HOPKINTON — In an all-day referendum Tuesday, voters rejected the town’s proposed $26.3 million budget by just four votes. The final count was 114 for the budget and 118 against.
Of the town’s 6,593 eligible voters, a total of 232 voters cast their ballots, a turn-out of 3.5 percent.
Adopted by the Town Council on May 15, the fiscal year 2020 spending plan was a 3 percent increase over the current budget and would have resulted in a property tax rate of $20.87 per $1,000 valuation, an increase of $0.80 per $1,000 of assessed value.
The proposed increase in the tax levy was $826,138 or 4.74 percent, which exceeded the state tax increase cap of 4 percent. The town had asked the Rhode Island Office of the Auditor General to allow the increase, and it was approved.
The increase is not the result of municipal spending but rather Hopkinton’s higher enrollment in the Chariho Regional School District. The town will pay about $600,000 more to Chariho. Compounding the issue is a decrease in state aid of $97,000.
The town will now continue to operate on the current year’s budget of $25.5 million. Using the current budget means that the property tax rate will be lower, $20.68 per $1,000. However, Town Council President Frank Landolfi said the town would now have to dip into its fund balance, or surplus, to be able to pay its higher Chariho contribution as well as contractual obligations to unionized town employees.
“It’s going to result in a lower tax rate but we have to take the money out of the fund balance to fund the expenses for this year going forward,” he said.
Voters looked more favorably on a separate ballot question. By a margin of 162 to 68, they authorized the town to earmark $51,000 in the off-site improvement fees restricted account. The funds will be used to remove dead and potentially dangerous trees throughout the town.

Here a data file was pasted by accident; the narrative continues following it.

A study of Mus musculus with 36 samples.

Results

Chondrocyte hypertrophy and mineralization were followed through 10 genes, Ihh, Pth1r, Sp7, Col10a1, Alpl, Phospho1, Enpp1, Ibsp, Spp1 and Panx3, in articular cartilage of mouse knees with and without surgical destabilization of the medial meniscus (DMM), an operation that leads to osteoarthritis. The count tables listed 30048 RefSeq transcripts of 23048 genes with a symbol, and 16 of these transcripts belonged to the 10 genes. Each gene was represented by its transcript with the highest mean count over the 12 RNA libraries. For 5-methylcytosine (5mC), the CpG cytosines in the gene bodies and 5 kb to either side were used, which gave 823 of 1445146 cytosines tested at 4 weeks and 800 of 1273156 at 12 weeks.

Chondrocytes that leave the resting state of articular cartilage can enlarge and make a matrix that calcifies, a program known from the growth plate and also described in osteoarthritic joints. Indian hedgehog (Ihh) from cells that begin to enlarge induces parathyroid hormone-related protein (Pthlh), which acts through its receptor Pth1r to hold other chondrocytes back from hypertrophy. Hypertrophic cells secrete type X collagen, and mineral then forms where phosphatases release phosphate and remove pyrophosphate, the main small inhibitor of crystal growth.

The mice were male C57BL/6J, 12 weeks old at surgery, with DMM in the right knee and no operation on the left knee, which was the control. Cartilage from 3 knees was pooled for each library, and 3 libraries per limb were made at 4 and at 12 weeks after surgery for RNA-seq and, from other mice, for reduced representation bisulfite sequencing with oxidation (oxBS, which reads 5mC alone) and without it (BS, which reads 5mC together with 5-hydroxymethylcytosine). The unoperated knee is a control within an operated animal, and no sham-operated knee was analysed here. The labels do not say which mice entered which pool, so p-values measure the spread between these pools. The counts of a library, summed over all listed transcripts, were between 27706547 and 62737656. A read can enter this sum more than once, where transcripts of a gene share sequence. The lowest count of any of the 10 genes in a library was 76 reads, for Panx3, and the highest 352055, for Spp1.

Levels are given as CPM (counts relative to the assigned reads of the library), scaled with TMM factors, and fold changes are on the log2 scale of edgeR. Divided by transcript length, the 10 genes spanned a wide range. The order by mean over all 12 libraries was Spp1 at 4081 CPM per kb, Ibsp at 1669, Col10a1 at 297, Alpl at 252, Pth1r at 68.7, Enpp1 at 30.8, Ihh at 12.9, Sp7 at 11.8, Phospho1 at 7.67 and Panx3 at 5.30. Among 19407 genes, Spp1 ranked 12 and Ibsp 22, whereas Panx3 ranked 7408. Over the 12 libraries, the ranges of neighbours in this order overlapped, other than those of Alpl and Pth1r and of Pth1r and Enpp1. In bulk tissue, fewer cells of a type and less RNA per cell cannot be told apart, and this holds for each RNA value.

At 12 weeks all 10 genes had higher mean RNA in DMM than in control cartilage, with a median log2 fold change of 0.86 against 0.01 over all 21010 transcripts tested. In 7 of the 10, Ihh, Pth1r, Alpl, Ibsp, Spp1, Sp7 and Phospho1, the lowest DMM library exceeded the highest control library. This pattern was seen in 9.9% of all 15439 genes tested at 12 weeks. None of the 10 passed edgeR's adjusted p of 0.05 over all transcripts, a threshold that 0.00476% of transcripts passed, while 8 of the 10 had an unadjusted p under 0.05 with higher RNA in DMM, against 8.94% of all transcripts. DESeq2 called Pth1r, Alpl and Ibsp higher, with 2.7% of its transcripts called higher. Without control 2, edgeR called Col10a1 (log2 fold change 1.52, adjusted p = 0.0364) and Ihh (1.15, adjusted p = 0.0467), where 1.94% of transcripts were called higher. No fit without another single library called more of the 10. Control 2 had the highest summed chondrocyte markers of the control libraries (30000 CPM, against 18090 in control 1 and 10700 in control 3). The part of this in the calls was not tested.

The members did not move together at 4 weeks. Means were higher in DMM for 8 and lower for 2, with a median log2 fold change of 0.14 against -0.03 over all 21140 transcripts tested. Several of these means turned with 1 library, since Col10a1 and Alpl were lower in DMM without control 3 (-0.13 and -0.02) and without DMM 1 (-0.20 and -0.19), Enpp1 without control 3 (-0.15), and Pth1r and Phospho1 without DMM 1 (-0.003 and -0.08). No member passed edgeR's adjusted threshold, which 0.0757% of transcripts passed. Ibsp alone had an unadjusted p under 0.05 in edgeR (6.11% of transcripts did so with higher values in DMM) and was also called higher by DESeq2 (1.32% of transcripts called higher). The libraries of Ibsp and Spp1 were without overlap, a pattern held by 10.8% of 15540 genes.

Like other southern Rhode Island towns, Hopkinton is faced with the problem of hundreds of oak trees that were killed over the past two years by gypsy moth defoliation.
The town has been grappling with a tight budget since its budget workshops began back in February. Each department’s expenses were carefully examined, including public works, recreation, tax assessment, tax collection, municipal court and the capital improvement plan.
In addition to those departments, two pressing issues came up again and again: the demolition of the vacant 1904 elementary school building and the problem of dead trees and whether to allocate funds to deal with them.
The town has set aside $135,000 in the capital improvement plan as a partial payment for the demolition of the 1904 school and voters have now approved the $51,000 for tree removal.
Landolfi said he did not expect to submit a revised budget to voters this year.
“It got defeated in ’06 or something like that,” he recalled. “I think we’re just going to revert to last year’s budget and I don’t think we’re going to have another one. What are we going to do? They turned it down. All we can do is try lower it, but essentially now, because it got defeated, it’s going to be lower anyway.”